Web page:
Kuching: The Historic Capital Of Sarawak
As the sun sets on the SARAWAK RIVER, wooden longboats putter across the water. Rickety hawker-stalls proffer food from five continents. And the golden, umbrella-shaped facade of the NEW SARAWAK STATE LEGISLATIVE ASSEMBLY BUILDING looms large on the horizon. Everywhere, tropical plants and bougainvillea bushes fill the air with exotic scents. Any trip to Kuching, capital of Sarawak, should start here, with strolls along its RIVERFRONT ESPLANADE, watching as the lights flicker at dusk, and the cooler breezes of the Bornean night settle in. The so-called land of the White Rajahs is as intoxicating today as it must have been during James Brooke’s day. The British soldier-turned explorer arrived in Sarawak in 1839 on the Royalist, the schooner he’d bought with his inheritance, and was installed as ruler of the state 1941 by the Sultan of Brunei in an effort to quell a rebellion.
It worked, and Brooke’s success secured Kuching’s prosperity and position fora century, with power handed first to his nephew, Charles, and then to Charles’ son, Vyner, until events connected with the Second World War lead Sarawak to be ultimately returned to the British crown. Today, you can explore the Brookes’ legacy at the SARAWAK MUSEUM. Meanwhile, THE BROOKE GALLERY is also marking this year’s 175th anniversary of the founding of Sarawak with a collection of artefacts at a new site in the restored FORT MARCHERITA. It’s outdoors, however, that this laid-back city really comes to life. Highlights include CHINATOWN, whose sprawling streets brim with coffee shops and canteens that whisper the romance of the orient. Then there are the street-food style restaurants of the OPEN-AIR MARKET, on the site of the city’s first shopping mall.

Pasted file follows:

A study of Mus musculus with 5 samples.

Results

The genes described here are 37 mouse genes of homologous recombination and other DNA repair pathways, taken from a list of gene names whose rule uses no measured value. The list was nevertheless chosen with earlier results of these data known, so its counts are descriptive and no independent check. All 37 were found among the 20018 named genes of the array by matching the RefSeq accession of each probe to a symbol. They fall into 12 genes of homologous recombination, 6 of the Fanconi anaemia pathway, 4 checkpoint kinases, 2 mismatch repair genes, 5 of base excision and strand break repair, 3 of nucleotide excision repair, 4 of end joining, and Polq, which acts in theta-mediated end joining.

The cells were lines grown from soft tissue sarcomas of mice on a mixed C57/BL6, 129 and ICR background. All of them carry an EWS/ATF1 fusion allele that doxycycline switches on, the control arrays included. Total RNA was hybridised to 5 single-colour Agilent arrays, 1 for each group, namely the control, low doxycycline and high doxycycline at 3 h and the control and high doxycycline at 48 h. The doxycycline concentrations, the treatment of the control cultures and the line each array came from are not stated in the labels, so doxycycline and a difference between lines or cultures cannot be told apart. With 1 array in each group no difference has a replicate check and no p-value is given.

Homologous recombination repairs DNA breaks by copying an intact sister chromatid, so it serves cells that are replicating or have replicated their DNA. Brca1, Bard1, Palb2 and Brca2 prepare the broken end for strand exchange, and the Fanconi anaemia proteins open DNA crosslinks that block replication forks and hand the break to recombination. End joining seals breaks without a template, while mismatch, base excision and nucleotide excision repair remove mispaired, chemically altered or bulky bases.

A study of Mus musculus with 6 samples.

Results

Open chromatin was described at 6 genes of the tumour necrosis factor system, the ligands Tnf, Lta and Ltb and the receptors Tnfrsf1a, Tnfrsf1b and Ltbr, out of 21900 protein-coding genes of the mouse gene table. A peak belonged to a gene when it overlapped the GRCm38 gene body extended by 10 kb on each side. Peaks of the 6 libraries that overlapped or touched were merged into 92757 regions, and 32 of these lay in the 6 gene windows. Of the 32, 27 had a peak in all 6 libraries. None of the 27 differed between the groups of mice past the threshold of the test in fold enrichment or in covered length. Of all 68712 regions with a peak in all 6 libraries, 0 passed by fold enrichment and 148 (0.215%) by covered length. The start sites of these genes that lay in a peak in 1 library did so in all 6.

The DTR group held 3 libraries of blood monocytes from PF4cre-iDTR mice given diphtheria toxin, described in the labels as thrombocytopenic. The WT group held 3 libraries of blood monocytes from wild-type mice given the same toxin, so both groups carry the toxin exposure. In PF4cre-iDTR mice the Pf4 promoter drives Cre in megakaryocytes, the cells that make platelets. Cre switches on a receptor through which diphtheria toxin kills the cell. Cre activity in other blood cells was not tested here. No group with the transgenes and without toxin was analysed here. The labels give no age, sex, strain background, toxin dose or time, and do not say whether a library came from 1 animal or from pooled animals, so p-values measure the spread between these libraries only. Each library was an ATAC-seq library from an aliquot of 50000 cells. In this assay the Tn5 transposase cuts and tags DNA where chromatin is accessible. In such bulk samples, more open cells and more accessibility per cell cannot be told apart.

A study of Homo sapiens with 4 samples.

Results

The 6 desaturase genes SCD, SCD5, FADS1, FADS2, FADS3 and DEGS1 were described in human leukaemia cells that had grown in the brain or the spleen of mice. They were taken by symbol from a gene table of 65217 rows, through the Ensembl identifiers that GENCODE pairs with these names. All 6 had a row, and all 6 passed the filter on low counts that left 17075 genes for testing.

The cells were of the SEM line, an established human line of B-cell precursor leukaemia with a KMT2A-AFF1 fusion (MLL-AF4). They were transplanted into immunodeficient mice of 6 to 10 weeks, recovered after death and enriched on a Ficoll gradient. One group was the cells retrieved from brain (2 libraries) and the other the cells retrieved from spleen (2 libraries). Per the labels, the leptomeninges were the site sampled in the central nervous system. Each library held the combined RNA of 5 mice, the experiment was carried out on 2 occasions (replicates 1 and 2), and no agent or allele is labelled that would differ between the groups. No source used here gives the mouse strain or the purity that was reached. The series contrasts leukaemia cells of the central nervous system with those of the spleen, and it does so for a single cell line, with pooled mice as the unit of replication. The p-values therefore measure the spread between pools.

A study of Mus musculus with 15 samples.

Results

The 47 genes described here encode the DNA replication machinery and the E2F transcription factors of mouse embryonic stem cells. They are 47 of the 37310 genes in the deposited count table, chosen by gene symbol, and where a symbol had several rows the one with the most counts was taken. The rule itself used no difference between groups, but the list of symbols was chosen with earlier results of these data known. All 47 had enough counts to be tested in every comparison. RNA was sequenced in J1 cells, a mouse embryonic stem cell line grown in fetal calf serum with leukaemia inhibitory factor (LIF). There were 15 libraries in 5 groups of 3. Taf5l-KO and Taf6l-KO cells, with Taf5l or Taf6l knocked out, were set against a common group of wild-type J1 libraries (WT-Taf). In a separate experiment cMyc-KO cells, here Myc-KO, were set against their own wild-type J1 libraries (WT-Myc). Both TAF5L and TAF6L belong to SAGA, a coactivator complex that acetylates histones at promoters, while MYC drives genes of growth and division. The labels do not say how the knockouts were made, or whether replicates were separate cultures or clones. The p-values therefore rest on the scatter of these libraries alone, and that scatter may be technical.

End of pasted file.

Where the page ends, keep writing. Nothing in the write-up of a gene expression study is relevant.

If you’re feeling adventurous, MEDAN NIAGASATOK, the city’s largest market, has new facilities on the fringes of town at Kubah Ria, where traders ply everything from spices to fresh fish and exotic fruits. Indeed, food is one of the real draws of Kuching. Malay, Chinese, Indian and indigenous people all bring distinctive flavours to the city’s table. So whether you choose street-side bowls of Malaysian laksa soup or Chinese dim sum, the land of the White Rajahs is sure to leave you hungry for more.